Although mega-influencer power is said to be to be waning, Nordstrom has seen success with influencer partnerships in part due to their meticulous selection process. Kate Edwards, co-founder of influencer marketing firm Hearbeat, says the department store asks more than the “are they cute and do they have a lot of followers” script that many brands stick to. They look for influencers that fit in organically with their brand
Nordstrom’s extra scrutiny related to influencers helps them better determine whether they are able to convert followers into sales, which has resulted in numerous successful campaigns. While each influencer’s number of followers is considered, more weight is put on how engaged and loyal their follower base is. Read more about how Nordstrom’s influencer vetting process works.
Although women’s soccer has just a fraction of the audience size as men’s, the sport has experienced a surge in popularity recently in response to the 2019 Women’s World Cup. With viewership expected to total to one billion, advertisers are looking to tap into a high-profile sponsorship opportunity at bargain prices.
Some brands like Lucozade Sport see the World Cup as a vehicle to bring the athletes’ stories to life, change perception, and inspire the next generation. By aligning their sponsorship with the growing women’s soccer fan base, they shifting cultural norms as a long-term brand strategy.
It’s true – we spend more money when we are tired. But contrary to past research findings, tired people actually prefer a wider selection of product choices. Previously, marketers believed that consumers who failed to get enough Zzzz wanted to just get in and get out when it came to shopping, not taking time to engage. But, according to research, sleepy shoppers actually find variety a source of stimulation.
This is a huge opportunity for marketers, as this sluggish bunch can be more receptive to sampling and an assortment of options. Tailoring promotions to this drowsy demographic could result in the campaign of your dreams. Read more here.
The latest trend when it comes to event marketing strategies? An event within an event (seems very Alice in Wonderland, we know). Let us explain. A micro-event is essentially an extra touchpoint within a broader event or brand activation that offers attendees a little more value. This could be a content piece, access to a VIP experience, or something fun that engages a hyper-targeted audience.
The beauty of these micro-events is that they allow brands to use their imaginations – there aren’t rules. It can take place pre-event, be in the form of a workshop – whatever your team wants. By offering a unique, focused interaction at what could be a huge event, brands can connect with consumers in a more personal way. Check out some examples here.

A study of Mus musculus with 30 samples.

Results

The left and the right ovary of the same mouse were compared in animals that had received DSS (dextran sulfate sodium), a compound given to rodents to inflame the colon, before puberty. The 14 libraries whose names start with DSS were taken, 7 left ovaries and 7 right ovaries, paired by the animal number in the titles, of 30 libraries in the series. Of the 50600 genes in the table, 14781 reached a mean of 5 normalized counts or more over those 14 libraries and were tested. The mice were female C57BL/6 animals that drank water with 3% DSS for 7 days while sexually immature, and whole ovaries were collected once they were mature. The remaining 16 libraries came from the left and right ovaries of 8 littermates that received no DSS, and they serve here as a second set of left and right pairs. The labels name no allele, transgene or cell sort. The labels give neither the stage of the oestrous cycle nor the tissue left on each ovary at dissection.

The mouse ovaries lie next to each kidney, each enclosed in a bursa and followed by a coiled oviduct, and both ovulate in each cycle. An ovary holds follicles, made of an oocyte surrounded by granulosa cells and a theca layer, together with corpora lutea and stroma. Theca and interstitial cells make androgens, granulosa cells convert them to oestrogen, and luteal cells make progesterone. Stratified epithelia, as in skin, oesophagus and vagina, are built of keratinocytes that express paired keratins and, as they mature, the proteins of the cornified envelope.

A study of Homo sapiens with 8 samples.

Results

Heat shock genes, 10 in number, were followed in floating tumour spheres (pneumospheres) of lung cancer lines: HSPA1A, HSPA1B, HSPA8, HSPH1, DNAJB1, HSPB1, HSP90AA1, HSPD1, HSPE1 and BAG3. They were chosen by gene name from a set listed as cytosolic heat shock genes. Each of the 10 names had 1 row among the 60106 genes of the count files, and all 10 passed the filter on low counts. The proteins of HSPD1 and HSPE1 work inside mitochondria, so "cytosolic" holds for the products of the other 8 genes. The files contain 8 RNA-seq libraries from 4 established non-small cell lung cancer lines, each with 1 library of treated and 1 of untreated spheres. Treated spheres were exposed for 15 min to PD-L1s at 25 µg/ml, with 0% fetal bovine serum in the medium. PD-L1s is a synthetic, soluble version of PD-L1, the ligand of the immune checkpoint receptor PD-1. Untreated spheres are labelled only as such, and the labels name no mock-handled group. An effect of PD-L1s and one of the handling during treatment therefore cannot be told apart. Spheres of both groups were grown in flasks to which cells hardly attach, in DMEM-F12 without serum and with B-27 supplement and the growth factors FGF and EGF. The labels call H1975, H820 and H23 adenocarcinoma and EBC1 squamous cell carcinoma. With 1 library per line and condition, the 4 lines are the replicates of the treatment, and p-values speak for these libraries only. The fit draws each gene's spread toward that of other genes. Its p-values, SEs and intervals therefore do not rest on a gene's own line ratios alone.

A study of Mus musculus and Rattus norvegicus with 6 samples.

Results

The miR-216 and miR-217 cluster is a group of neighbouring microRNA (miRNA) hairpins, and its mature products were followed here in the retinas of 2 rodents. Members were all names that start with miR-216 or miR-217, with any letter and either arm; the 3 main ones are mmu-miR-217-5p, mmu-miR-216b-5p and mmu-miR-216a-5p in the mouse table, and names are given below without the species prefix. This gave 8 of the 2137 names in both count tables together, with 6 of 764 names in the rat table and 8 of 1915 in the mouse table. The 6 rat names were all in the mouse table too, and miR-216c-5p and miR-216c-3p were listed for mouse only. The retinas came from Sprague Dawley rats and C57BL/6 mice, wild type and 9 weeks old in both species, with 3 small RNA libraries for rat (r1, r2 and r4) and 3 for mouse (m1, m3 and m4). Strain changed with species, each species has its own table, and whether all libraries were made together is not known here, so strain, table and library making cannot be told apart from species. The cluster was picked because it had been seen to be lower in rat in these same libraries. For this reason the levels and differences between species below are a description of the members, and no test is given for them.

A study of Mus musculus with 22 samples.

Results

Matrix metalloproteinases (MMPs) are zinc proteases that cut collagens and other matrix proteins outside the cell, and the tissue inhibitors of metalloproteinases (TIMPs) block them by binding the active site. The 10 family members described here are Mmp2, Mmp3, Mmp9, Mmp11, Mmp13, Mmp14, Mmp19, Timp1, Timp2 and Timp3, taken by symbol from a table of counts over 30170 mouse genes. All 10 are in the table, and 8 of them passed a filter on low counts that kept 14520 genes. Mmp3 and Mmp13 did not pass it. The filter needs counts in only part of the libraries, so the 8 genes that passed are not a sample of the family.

Do you consider yourself “the creative type”? It turns out that most people don’t, but it could be due to the way our culture has defined “creativity.” Not only do people feel like creativity is all-or-nothing, 75% of those that do consider themselves creative say they feel they’re not living up to their creative potential. But there is good news for people who want to up their creative potential. According to an article in Fast Company, “this isn’t how creativity works, and this kind of thinking is the reason why you might have trouble tapping into the creative parts of your brain.” And when we look to neuroscience, we discover that being creative just takes a little practice.
With the definition of “creativity” shifting, how we understand creative thinking is following suit. By using certain tactics, such as allowing your mind to wander, you’re able to think in a more “lateral,” or diverse, way. In other words, you will begin thinking creatively.
The phenomenon of synesthesia, or the stimulation of one sense that leads to the involuntary experience of another, is inspiring brands to get creative when it comes to sensory associations. As companies seek out multi-sensory experiential marketing strategies, cookware brand Tramonita aimed to connect sound to taste.
With the help of agency JWT Brazil, by classifying songs based on temperature, density, texture and acidity, they created an algorithm that turns songs into recipes. See how they tied their brand into this delicious mix here.
Retail fatigue is real. People are sick of shopping. Many see going to the mall as more of a chore than a gratifying experience. Shoppers are skimming over clothes racks, while browsing online has become a mundane task. But there is an exception to the rule. When exposed to something new, like a limited-time pop-up shop or experiential retail environment, they are drawn in.
Pop-ups have been around for a while now. Brands have learned that a sense of exclusivity plus an experiential environment often equals dollar signs. Consumers want to be the first person to see a new product or try a limited-edition item. It makes them feel as unique as their shopping experience. This article in Forbes details why pop-ups are still a tried and true way to boost excitement and attract new customers.
Although tolerance and inclusivity should be a component in a brand’s marketing strategy all year long, Pride Month allows companies to show their support for the LGBT community in a meaningful way. But instead of rainbow-ifying a logo, campaigns that aim to connect and inspire the LGBT community are received most positively.
If you can’t find something that works for your brand, donating a portion of your proceeds to LGBT organizations can be a great way to show support. Check out the creative ways – and the not so creative ways – that brands are celebrating here.